Youth Coding League championship race for local students begins Monday
SIKESTON — Several local middle school students are gearing up to compete in the first-ever championship round of the Youth Coding League.
The Youth Coding League is a weekly after-school program that introduces computer programming to middle schoolers, and the competition is about to heat up.
“We’re in the postseason, with teams of students who have worked together on a group projects,” said Stacy Dohogne Lane, community director for Codefi and the Marquette Tech District Foundation. “Each school has gone through a playoff round, with one winning selection from each school going on to the championships where they will compete against other school champions in a regional battle beginning Monday and ending Dec. 11.”
The community is encouraged to support their alma maters and vote for the best project at www.YouthCodingLeague.com.
Over 250 fifth and sixth graders at Cape Central Middle School, the 32nd Circuit, Jackson Middle School, Sikeston Fifth and Sixth Grade Center, Scott County Central, Scott County R-4 (Kelly) School, Eagle Ridge Christian School, Trinity Lutheran School, Prodigy Leadership Academy and St. Henry School in Charleston have worked their way through eight sessions, or sprints, of Google’s CS First Storytelling curriculum this season — with a unique twist, according to Lane.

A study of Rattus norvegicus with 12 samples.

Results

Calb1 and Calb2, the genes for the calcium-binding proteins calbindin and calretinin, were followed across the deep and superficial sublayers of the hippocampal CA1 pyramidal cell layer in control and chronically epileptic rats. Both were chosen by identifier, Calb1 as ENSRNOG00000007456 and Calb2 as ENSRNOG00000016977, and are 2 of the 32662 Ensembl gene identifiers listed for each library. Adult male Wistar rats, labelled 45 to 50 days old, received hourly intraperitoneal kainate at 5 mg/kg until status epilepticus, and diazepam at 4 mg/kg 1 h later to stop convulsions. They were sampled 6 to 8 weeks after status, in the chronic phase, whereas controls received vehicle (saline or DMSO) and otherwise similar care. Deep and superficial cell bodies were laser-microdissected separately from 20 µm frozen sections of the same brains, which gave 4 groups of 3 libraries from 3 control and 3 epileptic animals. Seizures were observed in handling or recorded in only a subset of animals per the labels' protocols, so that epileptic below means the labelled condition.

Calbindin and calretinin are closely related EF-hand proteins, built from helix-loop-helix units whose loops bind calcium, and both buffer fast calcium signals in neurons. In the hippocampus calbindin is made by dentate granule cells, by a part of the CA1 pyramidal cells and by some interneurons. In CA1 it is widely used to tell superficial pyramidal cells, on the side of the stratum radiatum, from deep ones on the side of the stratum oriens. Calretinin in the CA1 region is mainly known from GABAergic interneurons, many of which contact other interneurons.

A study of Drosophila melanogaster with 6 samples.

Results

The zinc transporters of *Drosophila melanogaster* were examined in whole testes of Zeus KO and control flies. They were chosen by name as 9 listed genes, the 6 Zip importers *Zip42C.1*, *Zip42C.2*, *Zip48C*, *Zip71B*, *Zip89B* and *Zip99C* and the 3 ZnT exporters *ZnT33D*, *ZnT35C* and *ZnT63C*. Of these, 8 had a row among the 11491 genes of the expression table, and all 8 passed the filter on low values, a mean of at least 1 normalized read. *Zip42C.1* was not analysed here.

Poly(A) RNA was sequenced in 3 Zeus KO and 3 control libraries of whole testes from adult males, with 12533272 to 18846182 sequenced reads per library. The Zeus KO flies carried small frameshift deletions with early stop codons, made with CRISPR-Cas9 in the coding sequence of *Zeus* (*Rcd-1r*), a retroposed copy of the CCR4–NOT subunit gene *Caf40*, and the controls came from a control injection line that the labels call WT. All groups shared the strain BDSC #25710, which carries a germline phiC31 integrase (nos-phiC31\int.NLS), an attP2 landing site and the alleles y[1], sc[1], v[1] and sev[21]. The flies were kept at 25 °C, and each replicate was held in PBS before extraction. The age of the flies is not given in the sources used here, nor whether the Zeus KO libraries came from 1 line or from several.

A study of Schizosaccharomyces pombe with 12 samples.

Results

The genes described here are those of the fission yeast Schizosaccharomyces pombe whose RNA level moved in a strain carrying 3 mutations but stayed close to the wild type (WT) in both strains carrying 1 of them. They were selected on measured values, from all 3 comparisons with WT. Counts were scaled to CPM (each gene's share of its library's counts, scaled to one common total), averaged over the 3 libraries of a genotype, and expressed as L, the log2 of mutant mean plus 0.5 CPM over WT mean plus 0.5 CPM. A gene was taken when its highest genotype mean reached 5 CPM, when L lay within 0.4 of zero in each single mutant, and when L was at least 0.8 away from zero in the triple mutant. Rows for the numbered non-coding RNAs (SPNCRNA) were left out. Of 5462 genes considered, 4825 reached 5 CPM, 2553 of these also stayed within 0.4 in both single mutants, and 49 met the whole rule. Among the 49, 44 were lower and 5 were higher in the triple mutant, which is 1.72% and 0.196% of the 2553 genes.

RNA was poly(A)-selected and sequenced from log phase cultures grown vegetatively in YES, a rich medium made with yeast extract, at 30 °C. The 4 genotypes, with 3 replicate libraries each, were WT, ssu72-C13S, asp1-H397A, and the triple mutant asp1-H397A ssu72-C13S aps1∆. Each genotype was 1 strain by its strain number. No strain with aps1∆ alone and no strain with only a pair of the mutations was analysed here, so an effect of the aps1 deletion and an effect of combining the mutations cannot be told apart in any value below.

“We’ve built in a competitive element on top of Google’s outstanding CS First curriculum,” said Lane. “For each sprint the coders complete, they gain six different stats, such as experience for objectives completed or Awareness for code documentation. Coders are ranked individually and schools have team rankings. The scoring adds a gamified element to keep the kids engaged in learning to code.”
The Youth Coding League is offered by the Marquette Tech District Foundation at no additional cost to middle schools. A nonprofit corporation dedicated to improving the quality of life for the residents of Cape Girardeau and the surrounding communities in southeast Missouri.
“Our students are really enjoying the club and are so excited to be coding,” said Cristy Crites, an art teacher and robotics club coach at Scott County Central School. “I have a few kids who have had behavioral issues, and I placed them in the Youth Coding League as an incentive to improve on their behavior and it is working.”
Jennifer Miller, library media specialist at Jackson Middle School said students are excited about the Youth Coding League at JMS.
“This is an amazing opportunity,” Miller said. “Currently, they are learning to write the code for their own characters, add effects, and dialogue. I am so amazed at the creativity of their projects. Students are loving it They are so focused each session.”
Dr. Randall Rhodes, a juvenile officer with the 32nd Circuit serving kids in the foster care system, said: “I watch the students roll in after their school day, energized and ready to code. Our focus here are kids that might not otherwise have the opportunity to be included on after-school activities. The research shows that any and all programs and pro-social activities that can be provided to children in foster care normalizes their experiences and helps them to succeed later in life.”
View regular season scores, example projects and more at YouthCodingLeague.com, and vote for championship picks. Awardees will be announced at the All-Star Party for Youth Coding Leaguers on Dec. 11.